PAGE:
Gangotri Tourism, Uttarakhand


Gangotri is a beautiful tourist spot, which is located about 100 kms from Uttarkashi at an elevation of 3048 m in the Greater Himalayan Range. Gangotri is popular among tourists and pilgrims for being one of the four Char Dhams of Uttarakhand that has a great pilgrimage importance among Hindus. This panoramic travel destination is known as the source of the River Ganges and also the seat of Goddess Ganga.

It is believed that Goddess Ganga transformed herself into a river and came to the earth to cleanse the sins of King Bhagirath's forefathers. As per mythological belief, Lord Shiva sat at this spot to receive the Ganga in his matted locks. The river Ganga originates from the Gaumukh glacier about 18 km from the Gangotri temple. The river is  originally known as Bhagirathi, until it merges with River Alaknanda near the town of Devprayag. 

Situated on the banks of the holy river - Bhagirathi, Gangotri is an amazing picturesque tourist spot very near to the Indo-Tibetan border. The view of snow clad mountains and the majestic river Bhagirathi flowing next to the town provides a memorable experience to travellers. There is a natural rock Shivlinga (Jalamagna Shivalinga), which is submerged in the river and visible only in the early winters when the water level goes down. As the area is prone to heavy snow fall, the temple is opened only in the months of May to November for devotees and visitors. Non-vegetarian food and alcohol are strictly prohibited in this religious town. Gangotri is also an important destination for trekking and is part of lot of trekking tours.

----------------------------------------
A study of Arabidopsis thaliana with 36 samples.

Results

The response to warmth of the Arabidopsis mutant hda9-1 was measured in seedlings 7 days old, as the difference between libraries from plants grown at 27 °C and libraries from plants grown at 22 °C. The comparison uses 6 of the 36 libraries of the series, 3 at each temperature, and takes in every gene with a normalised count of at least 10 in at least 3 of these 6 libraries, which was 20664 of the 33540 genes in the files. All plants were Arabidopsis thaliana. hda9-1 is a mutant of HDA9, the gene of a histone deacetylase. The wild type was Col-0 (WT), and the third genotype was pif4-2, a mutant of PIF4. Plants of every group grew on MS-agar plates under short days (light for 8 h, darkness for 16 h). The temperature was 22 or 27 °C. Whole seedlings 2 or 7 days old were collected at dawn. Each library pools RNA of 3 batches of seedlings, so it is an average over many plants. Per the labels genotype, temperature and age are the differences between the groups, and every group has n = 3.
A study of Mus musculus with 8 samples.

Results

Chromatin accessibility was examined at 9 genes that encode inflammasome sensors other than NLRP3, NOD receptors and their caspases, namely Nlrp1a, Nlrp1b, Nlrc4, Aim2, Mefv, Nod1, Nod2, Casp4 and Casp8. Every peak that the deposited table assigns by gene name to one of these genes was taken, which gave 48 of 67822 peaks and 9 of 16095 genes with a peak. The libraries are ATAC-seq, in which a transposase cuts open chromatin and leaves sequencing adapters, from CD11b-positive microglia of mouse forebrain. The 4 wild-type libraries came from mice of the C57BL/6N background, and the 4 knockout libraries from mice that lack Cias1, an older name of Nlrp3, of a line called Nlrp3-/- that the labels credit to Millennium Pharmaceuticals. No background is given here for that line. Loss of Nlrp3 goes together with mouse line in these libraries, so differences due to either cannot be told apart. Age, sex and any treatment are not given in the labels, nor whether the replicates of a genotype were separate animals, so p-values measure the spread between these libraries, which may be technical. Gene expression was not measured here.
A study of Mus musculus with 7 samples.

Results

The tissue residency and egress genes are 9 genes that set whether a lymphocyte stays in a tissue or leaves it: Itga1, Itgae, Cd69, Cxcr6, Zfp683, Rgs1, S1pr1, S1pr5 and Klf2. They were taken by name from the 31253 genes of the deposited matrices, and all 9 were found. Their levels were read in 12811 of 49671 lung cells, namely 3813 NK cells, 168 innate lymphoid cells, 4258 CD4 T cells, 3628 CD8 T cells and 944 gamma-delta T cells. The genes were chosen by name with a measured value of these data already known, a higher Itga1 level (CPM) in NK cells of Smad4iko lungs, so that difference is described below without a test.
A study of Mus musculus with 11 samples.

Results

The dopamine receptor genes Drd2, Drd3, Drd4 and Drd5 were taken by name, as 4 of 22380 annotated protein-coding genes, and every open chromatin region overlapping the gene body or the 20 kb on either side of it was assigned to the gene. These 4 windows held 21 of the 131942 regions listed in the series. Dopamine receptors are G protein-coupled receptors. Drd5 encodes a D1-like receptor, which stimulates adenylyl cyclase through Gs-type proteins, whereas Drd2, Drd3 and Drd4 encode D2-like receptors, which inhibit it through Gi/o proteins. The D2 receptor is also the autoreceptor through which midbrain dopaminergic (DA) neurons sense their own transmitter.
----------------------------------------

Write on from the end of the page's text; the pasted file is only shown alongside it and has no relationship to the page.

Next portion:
History of Gangotri - Uttarakhand Tourism

The Gangotri Temple was said to be built by a Gorkha Commander in the early years of the 18th century. It was later reconstructed by the kings of Jaipur. The origin of the holy river Ganga is at Gaumukh, set in the Gangotri Glacier (19 km trek from Gangotri).

According to Hindu Mythology, King Bhagirath, grand son of King Sagar, did penance for about 5500 years to cleanse the ashes of the 60000 sons of King Sagar. Lord Shiva pleased him and sent Goddess Ganga to the earth in the form of a river to absolve the sins of King Bhagirath’s ancestors. It is believed that Lord Shiva caught Ganga in his matted locks in Gangotri to control her force. So, the river is called Bhagirathi at the source and acquires the name Ganga (the Ganges) from Devprayag onwards where it meets the Alaknanda. The water from Gangotri is offered to Lord Shiva by the pilgrims.